He Was a Teen-age Harold: Crockett Johnson’s High School Cartoons

During the ten years it’s taken me to write The Purple Crayon and a Hole to Dig: The Lives of Crockett Johnson and Ruth Krauss (forthcoming in 2012), I’ve gathered far more material than I can fit in the book.  From time to time, I’ll post here some of what I could not include.

Long before he thought up Harold and the Purple Crayon (1955) and Barnaby (1942-1952), Crockett Johnson was drawing cartoons. As a freshman at Newtown High School, Johnson — whose real name was David Johnson Leisk — became one of the artists for The Newtown H.S. Lantern. Indeed, he may have been one of the founders of this thrice-annual magazine. I have been unable to locate a copy of its first issue, but its second lists David Leisk is as one of three artists on the editorial staff. Published in March 1921, the Lantern’s second issue includes what may be the first published cartoon by Crockett Johnson.

That and two other high school cartoons will appear in the book, but this one will not:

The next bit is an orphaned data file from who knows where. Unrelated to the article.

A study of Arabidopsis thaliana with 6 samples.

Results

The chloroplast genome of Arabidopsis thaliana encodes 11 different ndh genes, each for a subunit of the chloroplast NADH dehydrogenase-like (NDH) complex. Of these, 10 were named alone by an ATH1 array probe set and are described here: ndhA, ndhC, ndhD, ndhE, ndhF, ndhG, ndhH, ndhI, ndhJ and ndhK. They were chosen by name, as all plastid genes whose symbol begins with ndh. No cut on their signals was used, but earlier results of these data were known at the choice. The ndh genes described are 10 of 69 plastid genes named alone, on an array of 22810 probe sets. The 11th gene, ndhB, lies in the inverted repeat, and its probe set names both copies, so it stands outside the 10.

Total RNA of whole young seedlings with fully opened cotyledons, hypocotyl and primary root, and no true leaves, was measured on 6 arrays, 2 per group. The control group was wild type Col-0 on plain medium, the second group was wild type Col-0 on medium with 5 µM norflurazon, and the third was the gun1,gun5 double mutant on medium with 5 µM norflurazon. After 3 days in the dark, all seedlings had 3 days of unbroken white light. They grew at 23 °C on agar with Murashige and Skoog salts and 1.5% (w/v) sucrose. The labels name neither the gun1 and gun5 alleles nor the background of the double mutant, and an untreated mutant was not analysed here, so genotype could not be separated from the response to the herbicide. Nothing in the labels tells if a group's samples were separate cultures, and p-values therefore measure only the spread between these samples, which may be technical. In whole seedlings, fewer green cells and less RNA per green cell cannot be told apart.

Crockett Johnson, "Love Thy Neighbor," cartoon from the Newtown H.S. Lantern, Dec. 1921

David Leisk (Crockett Johnson), Newtown H.S. Lantern, December 1921

Published during the fall semester of his sophomore year, Johnson — a.k.a. David Leisk (note the signature of the cursive D transposed onto a cursive L) — conveys a bemused skepticism towards loving one’s neighbor.  The 15-year-old sophomore dryly reminds us not to “forget the little freshman who is still as green as ever” because, you know, Leisk is now a full year older than those freshmen.

Since we are heading into the start of a new term, here is David Leisk, now a high school senior, drawing a portrait of a freshman student:

David Leisk (Crockett Johnson), cover for Newtown H.S. Lantern, October 1923

David Leisk (Crockett Johnson), Newtown H.S. Lantern, October 1923

As readers of his adult work will note, he’s not yet developed the crisp cartoon minimalism that will become the hallmark of his style. But all aspiring cartoonists and illustrators have to start somewhere….

Finally, I’ve started Facebook groups for both Crockett Johnson and Ruth Krauss.  If you’re on Facebook, stop by.